REVIEW: Jesse Dayton’s “The Outsider” Mixes Rockabilly, Red Dirt Twang, Kick Ass Guitar


Jesse Dayton’s latest album in his ridiculously varied career, The Outsider (Blue Elan), engineered by Vance Powell (Sturgill Simpson, Jason Isbell), mixes rockabilly, red-dirt twang and kick-ass guitar work to give us one of 2018’s most potent releases.

The album starts off with a good swift punch in the Mike Stinson-penned “May Have to Do It (Don’t Have to Like It)”, shouting a drinker’s next-morning lament – “You’ve gotta get out of bed, son/Drag a comb across your achin’ head.” “Changing My Ways” moves from a quiet, acoustic opening to a Stapleton-esque growl while telling of a man who “Went to war with the whiskey and a million honky tonks,” but now wants to make that change in ways to keep the woman he loves. Not so fortunate is the narrator in “Hurtin’ Behind the Pine Curtain” – his girl has “Dallas on her mind,” and he’s in hot pursuit, consequences be damned. But perhaps no one in recent country music has been as woebegotten in love and lust as the character in “Tried to Quit (But I Just Quit Trying)”:

Well you like women but you’re a married man

Sneakin’ around every chance you can

The feminine nation’s gonna be the ruination of you

Well you like brunettes, and redheads and bottles of blondes

Pullin’ them jeans off, and mowin’ them lawns

Starin’ down the barrel of the same old gun

‘Cause your wife and your girlfriend can’t get along


The revelation on the record, though, is found in “Charlottesville.” The subject matter is what you think it is, but this is no funereal dirge. Dayton’s not sad – he’s pissed. After wars fought and evils defeated – “Well my Granddaddy he fought them sons of bitches/Them Nazis and them snitches” – the singer seems not to understand how we’re still fighting this particular battle. There’s a shoutout to “sweet Heather Heyer”, but make no mistake – Dayton’s not in the mood to mourn.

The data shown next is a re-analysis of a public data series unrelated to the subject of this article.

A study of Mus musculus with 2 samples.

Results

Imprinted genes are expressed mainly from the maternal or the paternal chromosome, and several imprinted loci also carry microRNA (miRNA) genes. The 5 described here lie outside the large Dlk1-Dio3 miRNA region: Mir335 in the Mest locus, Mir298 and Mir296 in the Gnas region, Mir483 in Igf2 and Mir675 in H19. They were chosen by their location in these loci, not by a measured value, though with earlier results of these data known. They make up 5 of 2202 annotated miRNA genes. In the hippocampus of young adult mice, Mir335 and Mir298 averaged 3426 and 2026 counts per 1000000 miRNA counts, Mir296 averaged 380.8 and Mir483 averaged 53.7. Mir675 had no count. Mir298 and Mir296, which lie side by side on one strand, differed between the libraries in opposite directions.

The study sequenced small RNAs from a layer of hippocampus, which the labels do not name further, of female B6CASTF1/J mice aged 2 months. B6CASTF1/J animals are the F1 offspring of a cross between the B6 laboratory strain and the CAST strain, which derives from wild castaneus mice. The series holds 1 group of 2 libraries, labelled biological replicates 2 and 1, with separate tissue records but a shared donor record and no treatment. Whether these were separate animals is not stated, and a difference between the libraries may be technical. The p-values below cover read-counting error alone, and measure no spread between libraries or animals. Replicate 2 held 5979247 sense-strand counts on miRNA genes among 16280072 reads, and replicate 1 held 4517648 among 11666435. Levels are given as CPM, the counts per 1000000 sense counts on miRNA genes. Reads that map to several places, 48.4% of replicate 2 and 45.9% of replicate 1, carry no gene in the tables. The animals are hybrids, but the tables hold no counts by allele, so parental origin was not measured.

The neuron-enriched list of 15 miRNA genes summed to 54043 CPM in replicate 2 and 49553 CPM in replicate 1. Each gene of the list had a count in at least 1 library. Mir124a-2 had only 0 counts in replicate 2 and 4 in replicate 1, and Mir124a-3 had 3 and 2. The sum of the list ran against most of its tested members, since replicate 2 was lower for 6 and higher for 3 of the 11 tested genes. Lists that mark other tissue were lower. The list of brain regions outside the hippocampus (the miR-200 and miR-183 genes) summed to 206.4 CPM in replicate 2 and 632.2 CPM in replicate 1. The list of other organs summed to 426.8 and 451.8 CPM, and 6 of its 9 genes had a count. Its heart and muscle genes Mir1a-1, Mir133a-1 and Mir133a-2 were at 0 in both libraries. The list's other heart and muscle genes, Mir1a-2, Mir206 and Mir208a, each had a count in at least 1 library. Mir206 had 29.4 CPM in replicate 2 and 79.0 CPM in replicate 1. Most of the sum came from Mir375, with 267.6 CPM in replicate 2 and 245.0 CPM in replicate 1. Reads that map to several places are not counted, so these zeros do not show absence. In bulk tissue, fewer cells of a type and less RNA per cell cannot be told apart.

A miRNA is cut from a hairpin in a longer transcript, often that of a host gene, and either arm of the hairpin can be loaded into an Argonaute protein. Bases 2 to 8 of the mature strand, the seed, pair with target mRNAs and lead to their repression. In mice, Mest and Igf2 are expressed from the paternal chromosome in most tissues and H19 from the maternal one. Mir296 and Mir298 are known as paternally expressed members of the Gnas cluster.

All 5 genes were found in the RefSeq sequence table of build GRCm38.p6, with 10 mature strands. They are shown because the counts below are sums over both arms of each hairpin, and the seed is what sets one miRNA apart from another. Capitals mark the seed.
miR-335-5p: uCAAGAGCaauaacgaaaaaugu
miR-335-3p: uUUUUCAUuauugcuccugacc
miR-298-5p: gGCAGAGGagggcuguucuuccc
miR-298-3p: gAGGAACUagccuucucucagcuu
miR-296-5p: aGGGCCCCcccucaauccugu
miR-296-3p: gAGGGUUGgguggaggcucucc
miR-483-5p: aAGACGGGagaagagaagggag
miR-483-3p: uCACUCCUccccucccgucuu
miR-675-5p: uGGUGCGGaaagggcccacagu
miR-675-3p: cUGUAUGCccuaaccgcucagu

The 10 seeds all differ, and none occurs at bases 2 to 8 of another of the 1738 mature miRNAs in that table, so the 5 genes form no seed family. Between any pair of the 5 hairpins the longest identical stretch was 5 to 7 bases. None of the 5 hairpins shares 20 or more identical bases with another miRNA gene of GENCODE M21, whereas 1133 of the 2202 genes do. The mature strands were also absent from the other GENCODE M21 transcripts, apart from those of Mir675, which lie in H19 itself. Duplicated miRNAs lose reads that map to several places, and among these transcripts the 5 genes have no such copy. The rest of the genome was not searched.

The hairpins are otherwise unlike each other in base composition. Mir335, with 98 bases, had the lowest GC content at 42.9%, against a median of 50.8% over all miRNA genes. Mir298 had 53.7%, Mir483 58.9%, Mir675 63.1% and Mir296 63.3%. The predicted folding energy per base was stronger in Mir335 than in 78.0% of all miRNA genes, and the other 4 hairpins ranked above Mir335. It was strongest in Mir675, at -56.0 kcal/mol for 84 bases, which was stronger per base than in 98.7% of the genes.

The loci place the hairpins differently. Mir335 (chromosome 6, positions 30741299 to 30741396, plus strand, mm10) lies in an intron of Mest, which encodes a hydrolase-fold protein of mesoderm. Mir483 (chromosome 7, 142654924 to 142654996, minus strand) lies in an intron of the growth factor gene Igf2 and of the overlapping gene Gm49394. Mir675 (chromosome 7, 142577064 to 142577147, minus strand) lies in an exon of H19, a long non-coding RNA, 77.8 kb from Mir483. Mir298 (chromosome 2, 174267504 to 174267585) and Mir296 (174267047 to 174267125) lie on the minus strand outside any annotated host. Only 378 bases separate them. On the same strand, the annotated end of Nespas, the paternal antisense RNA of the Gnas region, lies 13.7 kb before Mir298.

Dayton produced the album and provided much of the musicianship, too: electric & acoustic guitars, bass guitar, keyboards, percussion. He was joined in studio by Chris Rhoades (background vocals, upright bass, electric bass), Kevin Charney (background vocals, drums, percussion), Riley Osbourne (piano, organ, and keyboards), Brian Thomas (banjo, pedal steel guitar), Eric Tucker (drums), Nate Flemming (pedal steel guitar) and Nate Cook (background vocals on “May Have to Do It”). With the exception of the lead track, all songs were written or co-written by Dayton, and, like much of today’s Americana, what he has to say is worth hearing.  Get your copy here.